Freddie Lindgren says season-ending back injury in 2017 gave him fresh outlook ahead of Saturday’s ANLAS Czech Republic SGP in Prague

Courtesy of FIM Speedway Grand Prix

Swedish star Freddie Lindgren admits seeing his medal dream dashed in 2017 gave him “a different perspective on my racing and my life in general” ahead of the ANLAS Czech Republic FIM Speedway Grand Prix in Prague on Saturday.

The Orebro-born man leads the FIM Speedway World Championship on 16 points after finishing third in the BOLL Warsaw SGP of Poland on May 12, but top-scoring on the night.

The Czestochowa and Smederna star is in the form of his life this year. Lindgren has had to work hard to bounce back from a badly broken vertebra suffered in a crash during an SGB Premiership play-off semi-final in Manchester last September.

That cost Fast Freddie a shot at a World Championship medal and left him struggling to walk even short distances in the early stages of his recovery. But he is rapidly emerging as one of the favourites to claim gold this year. And Lindgren admits last year’s heartbreak is driving him to succeed.

He said: “I was having my best season ever before my crash and I was very close to winning a medal, but unfortunately it didn’t happen. Hopefully that will have a positive impact on this year.

“I have worked very hard in the winter and have a little bit of a different perspective on my racing and my life in general because of the tough times I went through. Hopefully something good comes out of it.

“This is the position I have been working very hard to be in. I am very satisfied with the first round, but that’s history now and we go into Prague with a new focus and a new challenge.”

Lindgren only finished in the sport’s top eight for the second time in his career last year and has made rapid progress since securing a full-time return to the series for 2017.

But the Andorra-based ace insists achieving such red-hot form has taken years of hard work on both man and machines.

He said: “People see it as a surprise that I’m riding this well now. But if you look back three years ago, it has been a steady progression. I have become better and better.

“One big thing is I understand myself more and how I need to prepare myself before the races and meetings.

“A lot of it is the mental side of things, but it’s also how the bikes are working and how I want them to work, and how my mechanics work together with me. It’s a mixture of a lot of things.

“I have worked hard for a few years now and it looks like we’re starting to see the product of that now.”

Many fans and pundits on social media have debated the secrets of Lindgren’s success. But asked if he had found a magic formula with his bike setup, the rider insisted working on himself has been even more vital.

He said: “There has been a lot of talk – about my engines, about my frames, about a lot of things. The frames I’m using are the same ones I have used for a number of years now.

“There are a few small tweaks, but I think most riders have a few tweaks on the bike at this level. No-one’s bikes are exactly like the other riders’ bikes.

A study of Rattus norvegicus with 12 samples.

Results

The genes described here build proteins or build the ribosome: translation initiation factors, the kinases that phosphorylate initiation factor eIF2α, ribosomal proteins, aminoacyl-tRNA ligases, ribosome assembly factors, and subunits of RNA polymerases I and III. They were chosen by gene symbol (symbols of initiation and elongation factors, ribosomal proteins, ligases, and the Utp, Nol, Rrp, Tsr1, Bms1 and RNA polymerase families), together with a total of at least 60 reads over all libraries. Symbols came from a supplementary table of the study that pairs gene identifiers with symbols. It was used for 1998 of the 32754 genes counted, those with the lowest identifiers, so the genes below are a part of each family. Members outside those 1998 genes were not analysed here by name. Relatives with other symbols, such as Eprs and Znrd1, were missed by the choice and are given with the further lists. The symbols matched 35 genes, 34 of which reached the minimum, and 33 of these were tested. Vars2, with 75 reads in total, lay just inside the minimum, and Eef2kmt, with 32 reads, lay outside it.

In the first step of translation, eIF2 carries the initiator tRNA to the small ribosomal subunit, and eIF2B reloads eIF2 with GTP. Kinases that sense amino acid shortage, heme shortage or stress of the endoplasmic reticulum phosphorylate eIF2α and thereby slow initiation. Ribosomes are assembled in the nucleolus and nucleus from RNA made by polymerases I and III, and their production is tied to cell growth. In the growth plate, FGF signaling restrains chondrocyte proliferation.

“Equipment is one thing, but mental and physical strength, how I approach myself and the racing are the more important things I believe.”

There are a number of SGP stars nursing injuries this weekend. A broken ankle keeps Slovak star Martin Vaculik out, with Niels-Kristian Iversen stepping in. The Dane is still struggling with the shoulder problem, which ended his 2017 season, and will undergo surgery after this weekend.

Triple world champion Nicki Pedersen is set to race on with a broken hand. Despite a tough night at the BOLL Warsaw SGP, he was buoyed by a 13-point haul for Tarnow in the PGE Ekstraliga on Sunday.

Russian racer Emil Sayfutdinov is another of the series’ walking wounded. He was left with a large haematoma on his hip after crashing with Krzysztof Kasprzak in Warsaw. But he returned to action in Torun last Friday and is looking forward to the ANLAS Czech SGP.

He said: “I am much better. I am preparing for the weekend and looking forward to it.

“Every day I have been Lodz and I’ve had some physio. I have spent a lot of time there. Last Friday I raced in the Polish league and it looked good. I am ready for the weekend.”

Sayfutdinov famously launched his SGP career at the Marketa Stadium in 2009, winning there on his World Championship debut. But an historic night remains just that for the Leszno man.

He said: “That’s in the past. I’m just looking at this year and concentrating on now. Speedway is all about now. We just have to concentrate on the practice and try to find a good setup for the meeting on Saturday.”

ANLAS CZECH SGP LINE-UP (in ranking order with rider numbers): 69 Jason Doyle, 692 Patryk Dudek, 108 Tai Woffinden, 71 Maciej Janowski, 95 Bartosz Zmarzlik, 89 Emil Sayfutdinov, 55 Matej Zagar, 66 Fredrik Lindgren, 88 Niels-Kristian Iversen (substitute for 54 Martin Vaculik), 23 Chris Holder, 45 Greg Hancock, 110 Nicki Pedersen, 59 Przemyslaw Pawlicki, 222 Artem Laguta, 111 Craig Cook, 16 Vaclav Milik, 17 Josef Franc, 18 Eduard Krcmar.

WORLD CHAMPIONSHIP STANDINGS: 1 Fredrik Lindgren 16, 2 Tai Woffinden 15, 3 Maciej Janowski 13, 4 Artem Laguta 13, 5 Patryk Dudek 10, 6 Chris Holder 10, 7 Bartosz Zmarzlik 9, 8 Matej Zagar 9, 9 Emil Sayfutdinov 8, 10 Greg Hancock 8, 11 Krzysztof Kasprzak 7, 12 Jason Doyle 5, 13 Niels-Kristian Iversen 4, 14 Przemyslaw Pawlicki 3, 15 Nicki Pedersen 2, 16 Craig Cook 2, 17 Maksym Drabik 2, 18 Bartosz Smektala 2.